Article Library For Women’s Health Care Issues

ARC® Women’s Health Care

Endometriosis from a Patient’s Point of View

By Wendy Vogt, a patient of Dr. Andrew Cook
http://www.vitalhealth.com
Vital Health Institute
15055 Los Gatos Blvd., Suite 250
Los Gatos, CA 95032-2025
(408) 358-2511

When you type “endometriosis” into Google and hit Search, you get something like 6,370,000 matches. Clicking on the definition link at the top gives you this:

A condition, usually resulting in pain and dysmenorrhea, that is characterized by the abnormal occurrence of functional endometrial tissue outside the uterus.

Well, that’s … uh, I have no idea what that means. I’m not a doctor – I’m just a normal person trying to get information. Let’s try somewhere else. What about the Wikipedia? You get this:

A common medical condition where the tissue lining the uterus (the endometrium, from endo, “inside”, and metra, “womb”) is found outside of the uterus, typically affecting other organs in the pelvis. The condition can lead to serious health problems, primarily pain and infertility. Endometriosis primarily develops in women of the reproductive age.


Keith A Hansen M.D.©
http://womens.sanfordhealth.org
Sanford Health Fertility and Reproductive Medicine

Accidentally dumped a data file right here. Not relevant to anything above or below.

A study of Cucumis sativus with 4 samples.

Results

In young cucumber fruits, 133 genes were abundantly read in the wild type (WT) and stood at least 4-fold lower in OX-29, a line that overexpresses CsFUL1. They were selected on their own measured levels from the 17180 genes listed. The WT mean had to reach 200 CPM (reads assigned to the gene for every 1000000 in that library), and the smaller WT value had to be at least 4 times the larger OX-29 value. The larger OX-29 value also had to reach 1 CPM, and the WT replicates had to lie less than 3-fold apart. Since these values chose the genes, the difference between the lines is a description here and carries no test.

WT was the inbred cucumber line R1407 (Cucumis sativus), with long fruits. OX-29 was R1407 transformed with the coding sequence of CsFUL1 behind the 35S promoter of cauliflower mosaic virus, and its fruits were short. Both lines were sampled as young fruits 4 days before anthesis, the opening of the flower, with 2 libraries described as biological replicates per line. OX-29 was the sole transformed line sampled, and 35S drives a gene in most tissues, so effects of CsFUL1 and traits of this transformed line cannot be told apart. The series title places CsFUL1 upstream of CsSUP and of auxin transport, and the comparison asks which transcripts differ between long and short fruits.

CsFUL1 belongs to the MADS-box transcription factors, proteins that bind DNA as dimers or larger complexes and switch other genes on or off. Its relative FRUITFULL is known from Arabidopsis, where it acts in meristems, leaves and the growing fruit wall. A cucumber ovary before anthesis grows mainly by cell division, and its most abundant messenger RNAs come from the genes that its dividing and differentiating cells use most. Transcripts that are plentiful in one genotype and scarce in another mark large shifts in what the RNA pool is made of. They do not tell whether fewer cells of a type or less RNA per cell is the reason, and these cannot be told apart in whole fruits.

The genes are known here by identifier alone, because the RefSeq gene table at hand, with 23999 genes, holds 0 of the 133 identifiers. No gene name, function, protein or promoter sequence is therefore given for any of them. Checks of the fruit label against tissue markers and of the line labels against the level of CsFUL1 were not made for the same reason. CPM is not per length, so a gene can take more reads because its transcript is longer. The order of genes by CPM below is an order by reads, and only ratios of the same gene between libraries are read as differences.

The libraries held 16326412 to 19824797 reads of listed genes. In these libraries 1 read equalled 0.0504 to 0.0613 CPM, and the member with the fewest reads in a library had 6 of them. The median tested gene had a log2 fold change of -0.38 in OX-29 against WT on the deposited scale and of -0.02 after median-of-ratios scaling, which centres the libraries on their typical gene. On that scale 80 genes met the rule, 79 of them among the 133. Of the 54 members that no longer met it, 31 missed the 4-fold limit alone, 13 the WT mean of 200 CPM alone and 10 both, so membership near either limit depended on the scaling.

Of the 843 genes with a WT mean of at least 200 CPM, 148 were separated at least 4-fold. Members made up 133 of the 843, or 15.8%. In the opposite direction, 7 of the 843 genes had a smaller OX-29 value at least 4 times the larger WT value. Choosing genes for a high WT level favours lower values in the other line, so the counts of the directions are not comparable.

1500 W. 22nd Street, Suite 102
Sioux Falls, SD 57105
(605) 328-8800

Art begins in imitation and ends in innovation. – Mason Cooley

Neural tube defects (NTDs), the second-most common major congenital anomaly, can occur as an isolated event, with other anomalies, or as a component of a syndrome and may cause significant neurologic morbidity for the affected individual. These defects occur due to fusion abnormalities of the developing neural tube prior to 6 weeks gestational age and include abnormalities in formation of the brain or the spinal cord. NTDs are multifactorial in etiology, with both a genetic predisposition as well as an environmental influence.


Emily Winterton, MD; Kathleen Eyster, PhD; Keith A Hansen M.D.©
http://womens.sanfordhealth.org
Sanford Health Fertility and Reproductive Medicine
1500 W. 22nd Street, Suite 102
Sioux Falls, SD 57105
(605) 328-8800

Abstract
Hirsutism is a common problem affecting women that is usually the result of a benign etiology. However, sudden onset or rapidly progressive hirsutism, especially when accompanied by virilizing signs, is suspicious for androgen producing neoplasms of the ovaries or adrenals. A 28-year-old female presented with the rapid onset of hirsutism and virilizing signs, accompanied by a markedly elevated serum testosterone. Initial imaging studies demonstrated
normal adrenal glands and ovaries. She was later discovered to have a rare steroid-secreting ovarian tumor. This case emphasizes the importance of a high level of suspicion for an androgen-producing neoplasm in the patient with sudden onset or rapid progression of virilizing signs and symptoms.